Mount Koya

Mount Koya, located in Wakayama prefecture, is the sacred land of Japanese Buddhism, and the center (sohonzan, *1) of Shingon Buddhism. The official title of this site is "Sohonzan Kongobuji". The title refers to Mount Koya as a whole, which consists of 117 tatchu (*2) temples.

Mount Koya

Shingon Buddhism is a sect that endeavors to reveal the truth which lies beyond the language that we speak. Kobo Daishi, who studied Buddhism in China, founded a temple in Mount Koya to teach his philosophy. He is considered to be still going through a Buddhism training called nyujo (*3).

*1 Sohonzan: center of operations.
*2 Tatchu: a smaller temple attached to the main temple.
*3 Nyujo: one of the extreme training practices in Shingon Buddhism. Mummification caused by extreme fasting, this state is considered to be eternal life, rather than death.

Recommended Spots at Mount Koya

Okunoin Temple

Mount Koya

This is the sanctuary of Mount Koya, where Kobo Daishi has entered the state of nyujo. The approach runs through a forest filled with two- to three-hundred year old Japanese cedar trees, and some of the trees are said to be over a thousand year old. A great number of graves stand along both sides of the approach.

Mount Koya

The photograph shows the grave of a famous warlord. There are also graves and cenotaphs of various daimyo in this area. Torodo (Lantern Hall), which houses the toro (*4), is located at the end of the approach, and Kobo Daishi Gobyo (mausoleum), where the body of Kobo Daishi rests, stands behind Torodo.

Mount Koya

At Okunoin, a ritual of delivering meals to Kobo Daishi called shojingu, is held twice every day. If you're lucky, you might be able to see it.

Okunoin Torodo

Open: 6:00 - 17:30
On January 1st, the Torodo is open from midnight to 2:00. On August 13th, the Torodo re-opens from 19:00 to 21:00.

*4 Toro: a Japanese lantern, mainly used in the outdoors.

Danjo Garan

Mount Koya

This monastic complex was the first site built when Kobo Daishi founded the main temple on Mount Koya. After passing through the Chumon gate, the symbolic, vermilion-colored Konpon Daito jumps into view. The admission fee here is 200 yen, including tax.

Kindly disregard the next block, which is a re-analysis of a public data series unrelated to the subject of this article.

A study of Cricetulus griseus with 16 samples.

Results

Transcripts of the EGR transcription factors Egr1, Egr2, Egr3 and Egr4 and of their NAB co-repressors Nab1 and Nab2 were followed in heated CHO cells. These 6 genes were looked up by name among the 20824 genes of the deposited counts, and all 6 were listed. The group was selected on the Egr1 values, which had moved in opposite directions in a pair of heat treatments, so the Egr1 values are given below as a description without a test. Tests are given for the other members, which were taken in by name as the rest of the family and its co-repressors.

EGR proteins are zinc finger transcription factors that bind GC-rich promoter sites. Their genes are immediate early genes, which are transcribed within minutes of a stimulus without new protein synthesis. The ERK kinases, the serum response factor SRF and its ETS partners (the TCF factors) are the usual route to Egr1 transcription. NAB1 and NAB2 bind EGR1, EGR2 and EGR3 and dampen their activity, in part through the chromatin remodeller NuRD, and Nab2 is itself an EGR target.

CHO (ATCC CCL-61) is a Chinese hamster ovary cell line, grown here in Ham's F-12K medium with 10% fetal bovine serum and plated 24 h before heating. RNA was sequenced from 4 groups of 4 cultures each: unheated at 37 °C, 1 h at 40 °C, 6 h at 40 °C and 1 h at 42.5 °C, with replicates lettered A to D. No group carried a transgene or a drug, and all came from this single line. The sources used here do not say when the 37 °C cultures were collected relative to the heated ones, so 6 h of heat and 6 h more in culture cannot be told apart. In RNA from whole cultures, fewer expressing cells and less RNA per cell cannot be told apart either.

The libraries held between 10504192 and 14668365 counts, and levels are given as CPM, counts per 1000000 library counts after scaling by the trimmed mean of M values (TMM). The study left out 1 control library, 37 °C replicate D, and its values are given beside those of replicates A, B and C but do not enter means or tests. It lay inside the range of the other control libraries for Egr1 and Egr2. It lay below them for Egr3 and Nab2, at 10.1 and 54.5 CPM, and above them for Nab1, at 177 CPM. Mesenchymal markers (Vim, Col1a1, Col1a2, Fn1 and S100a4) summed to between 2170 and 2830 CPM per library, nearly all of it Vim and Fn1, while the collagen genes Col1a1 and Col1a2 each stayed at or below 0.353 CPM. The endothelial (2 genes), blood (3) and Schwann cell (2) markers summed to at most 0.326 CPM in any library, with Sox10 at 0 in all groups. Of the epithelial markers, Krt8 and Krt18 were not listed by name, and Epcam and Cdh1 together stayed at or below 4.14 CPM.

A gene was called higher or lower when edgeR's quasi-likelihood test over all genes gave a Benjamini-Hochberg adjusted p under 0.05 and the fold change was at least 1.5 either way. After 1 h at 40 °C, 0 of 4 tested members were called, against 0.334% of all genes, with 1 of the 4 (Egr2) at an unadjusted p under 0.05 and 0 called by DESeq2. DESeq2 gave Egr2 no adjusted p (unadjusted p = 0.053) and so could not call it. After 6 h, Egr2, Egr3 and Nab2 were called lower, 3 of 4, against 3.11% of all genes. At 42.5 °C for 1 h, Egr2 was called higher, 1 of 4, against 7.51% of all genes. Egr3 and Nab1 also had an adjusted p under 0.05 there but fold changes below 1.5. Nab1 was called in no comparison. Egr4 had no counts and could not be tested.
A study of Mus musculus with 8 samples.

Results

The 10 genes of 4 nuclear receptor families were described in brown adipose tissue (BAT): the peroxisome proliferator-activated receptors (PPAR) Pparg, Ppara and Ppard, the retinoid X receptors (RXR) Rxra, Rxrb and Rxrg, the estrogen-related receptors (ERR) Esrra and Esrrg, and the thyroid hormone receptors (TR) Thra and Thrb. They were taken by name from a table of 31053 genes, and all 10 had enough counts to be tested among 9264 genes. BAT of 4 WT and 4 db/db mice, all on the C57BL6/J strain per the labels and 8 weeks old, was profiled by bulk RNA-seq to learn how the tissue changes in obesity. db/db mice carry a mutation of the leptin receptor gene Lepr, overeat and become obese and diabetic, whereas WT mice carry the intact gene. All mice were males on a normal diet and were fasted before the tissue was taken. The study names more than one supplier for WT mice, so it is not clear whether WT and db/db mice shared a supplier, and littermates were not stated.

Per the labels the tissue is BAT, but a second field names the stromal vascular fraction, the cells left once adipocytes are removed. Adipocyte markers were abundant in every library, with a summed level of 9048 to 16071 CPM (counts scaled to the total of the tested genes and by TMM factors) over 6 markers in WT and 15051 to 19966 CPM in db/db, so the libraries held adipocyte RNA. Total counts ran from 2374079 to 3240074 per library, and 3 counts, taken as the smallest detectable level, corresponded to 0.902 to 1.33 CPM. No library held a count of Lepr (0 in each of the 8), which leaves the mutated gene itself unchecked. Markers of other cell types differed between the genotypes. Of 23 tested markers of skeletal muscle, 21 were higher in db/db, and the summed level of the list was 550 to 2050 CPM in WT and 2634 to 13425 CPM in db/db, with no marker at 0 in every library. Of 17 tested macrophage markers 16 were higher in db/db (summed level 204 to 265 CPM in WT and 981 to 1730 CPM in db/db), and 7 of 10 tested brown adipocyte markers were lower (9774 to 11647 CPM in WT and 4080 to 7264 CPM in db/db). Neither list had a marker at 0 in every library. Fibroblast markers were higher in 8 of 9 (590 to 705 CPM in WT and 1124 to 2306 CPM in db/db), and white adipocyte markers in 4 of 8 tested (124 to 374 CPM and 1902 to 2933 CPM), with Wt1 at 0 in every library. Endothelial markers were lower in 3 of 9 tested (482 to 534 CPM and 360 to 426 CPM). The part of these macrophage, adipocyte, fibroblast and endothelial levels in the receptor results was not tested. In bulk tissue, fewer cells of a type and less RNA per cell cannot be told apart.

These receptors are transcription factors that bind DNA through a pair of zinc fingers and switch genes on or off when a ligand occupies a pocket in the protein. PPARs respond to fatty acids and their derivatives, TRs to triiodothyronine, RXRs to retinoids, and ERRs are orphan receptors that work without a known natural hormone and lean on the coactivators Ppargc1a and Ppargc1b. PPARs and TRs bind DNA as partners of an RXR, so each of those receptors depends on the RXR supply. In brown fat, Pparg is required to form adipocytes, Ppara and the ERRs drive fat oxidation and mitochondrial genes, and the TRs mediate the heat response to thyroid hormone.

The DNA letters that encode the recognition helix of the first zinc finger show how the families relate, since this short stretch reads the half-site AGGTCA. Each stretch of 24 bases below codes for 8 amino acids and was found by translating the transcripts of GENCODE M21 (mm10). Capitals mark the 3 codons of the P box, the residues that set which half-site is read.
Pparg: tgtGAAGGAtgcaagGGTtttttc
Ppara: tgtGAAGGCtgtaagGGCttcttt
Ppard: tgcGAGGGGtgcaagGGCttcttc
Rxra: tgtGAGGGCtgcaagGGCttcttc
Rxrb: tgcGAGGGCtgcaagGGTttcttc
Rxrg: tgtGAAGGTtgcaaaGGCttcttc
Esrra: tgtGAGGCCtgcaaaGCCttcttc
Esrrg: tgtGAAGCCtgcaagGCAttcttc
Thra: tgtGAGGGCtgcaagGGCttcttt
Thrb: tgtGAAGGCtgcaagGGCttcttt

Mount Koya

Kondo, the main temple of Mount Koya, stands in the foreground of Konpon Daito. The admission fee is also 200 yen, including tax.

Mount Koya

This is the Miedo (Great Portrait Hall), where portraits of Kobo Daishi and his Judai Deshi (*5) are lined up.

*5 Judai Deshi: the ten main disciples of Kobo Daishi.

Mount Koya

Of all the architectures of Danjo Garan, a very special one is the Rokkaku Kyozo. There are handles which can be rotated sticking out from its base. It is said that if you can rotate a handle 360 degrees, the act will equal the kudoku (*6) of reading a scripture named "Issaikyo."

Mount Koya

Be sure to walk the beautiful road named Jabara (snake's belly)-michi on your way back.

*6 Kudoku: a meritorious deed which will be rewarded by the deities.

Danjo Garan

Open: 8:30 - 17:00
Admission Fee: 200 yen (Please note that Konpon Daito and Kondo have separate fees)


Mount Koya

The Seimon gate is the oldest architecture on Mount Koya. The residing priests use the smaller entrance on the right side.

Mount Koya

A Tensui Oke (*7) is set on the roof of Kongobuji, so that the collected rainwater can be used in case of fire.

The rooms inside are adorned with brilliant fusuma art. The temple also has a rock garden, and a kitchen to prepare meals for the priests.

*7 Tensui Oke: a traditional Japanese tank used for collecting and storing rainwater.


Open: 8:30 - 17:00 (The entrance closes at 16:30)
Admission Fee: Adults 500 yen, Elementary School Children 200 yen. Admission free for preschoolers.

Mount Koya - Access

Mount Koya can be reached using the Nankai Electric Railway from Namba Station in Osaka. Information about Namba Station can be obtained from this article: Six Namba Stations!? How to Navigate Osaka's Namba Area.

Mount Koya

From Nankai Namba Station, take the Koya Limited Express to Gokurakubashi Station, and switch to the Nankai Koyasan Cable Car. The whole ride takes about an hour and forty minutes, and the fare is 2040 yen.

Mount Koya

However, the number of Koya Express trains every day is limited, so it might be better to take an express train to Hashimoto Station from Nankai Namba Station and switch to a train bound for Gokurakubashi Station. This route takes about two hours, and the fare is 1260 yen.

From Koyasan Station, take the Nankai Rinkan Bus or a taxi to the temples.

The temple complex on Mount Koya is surrounded by nature, and filled with Japanese history and culture. It will assuredly be worth your time to make a visit to this sacred spot.

This article was made with assistance from Sohonzan Kongobuji.